Noble Sissle was born on July 10, 1889, in Indianapolis, Indiana. When Sissle was a child, he and his family moved to Cleveland, Ohio, where he attended Central High School and started to perform with a touring singing group. He attended DePauw University briefly before transferring to Butler University, and during his enrollment there became bandleader of an African-American orchestra at the Severin Hotel.
Sissle served in the U.S. army during World War I, at which time he worked with the band of James Reese Europe, who was introducing jazz to American and French soldiers. After he returned to the states, in 1919, Europe was killed by a band member. Sissle was appointed by his mentor to take over leadership of the group.
In 1915, Sissle met pianist Eubie Blake. The two forged a fruitful partnership, with Sissle working on lyrics and Blake focusing on music, and wrote the song "It's All Your Fault," which became a big hit for Sophie Tucker.
Sissle and Blake later composed songs for Shuffle Along, a satire starring Josephine Baker, Paul Robeson and Gertrude Saunders that opened in 1921 as one of the earliest African-American musicals on Broadway. The show featured classics like "In Honeysuckle Time," "Love Will Find a Way" and the monumental hit, "I'm Just Wild About Harry."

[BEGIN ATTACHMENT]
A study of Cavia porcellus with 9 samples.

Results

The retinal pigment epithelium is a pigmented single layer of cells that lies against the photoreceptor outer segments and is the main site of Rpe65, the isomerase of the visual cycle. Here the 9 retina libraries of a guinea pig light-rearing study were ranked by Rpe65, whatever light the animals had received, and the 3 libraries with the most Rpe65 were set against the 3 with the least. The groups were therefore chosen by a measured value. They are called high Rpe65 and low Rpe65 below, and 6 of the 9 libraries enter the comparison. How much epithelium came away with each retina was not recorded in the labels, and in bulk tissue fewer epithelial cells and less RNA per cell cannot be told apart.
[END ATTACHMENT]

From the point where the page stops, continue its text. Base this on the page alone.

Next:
Shuffle Along ran on Broadway for more than 500 shows and was a major fiscal success, with the production going on tour to sold-out venues across the country. Though Blake and Sissle had another hit show in 1924 with Chocolate Dandies, the two parted ways, as Sissle preferred to travel while Blake preferred to remain stateside.
Sissle resumed working as a bandleader during the late '20s in France and England and returned to the states in the early '30s, breaking racial barriers and collaborating with the likes of actress/singer Lena Horne. He also helped to establish the Negro Actors Guild in the mid-1930s, becoming its president.
Sissle continued helming theatrical productions with Dixie on Parade (1930) and Shuffle Along of 1933 (1933). Sissle also lead a later incarnation of Shuffle Along that played to more than a million servicemen in Europe during USO shows of the mid-1940s.
In 1950, Sissle was appointed the honorary mayor Harlem and continued his band work into the 1960s. He eventually moved away from performing to focus on music publishing. Sissle died at 86 on December 17, 1975 in Tampa, Florida, where he had retired. Much of his life story and details on his famous partnership can be found in the book Reminiscing With Noble Sissle and Eubie Blake.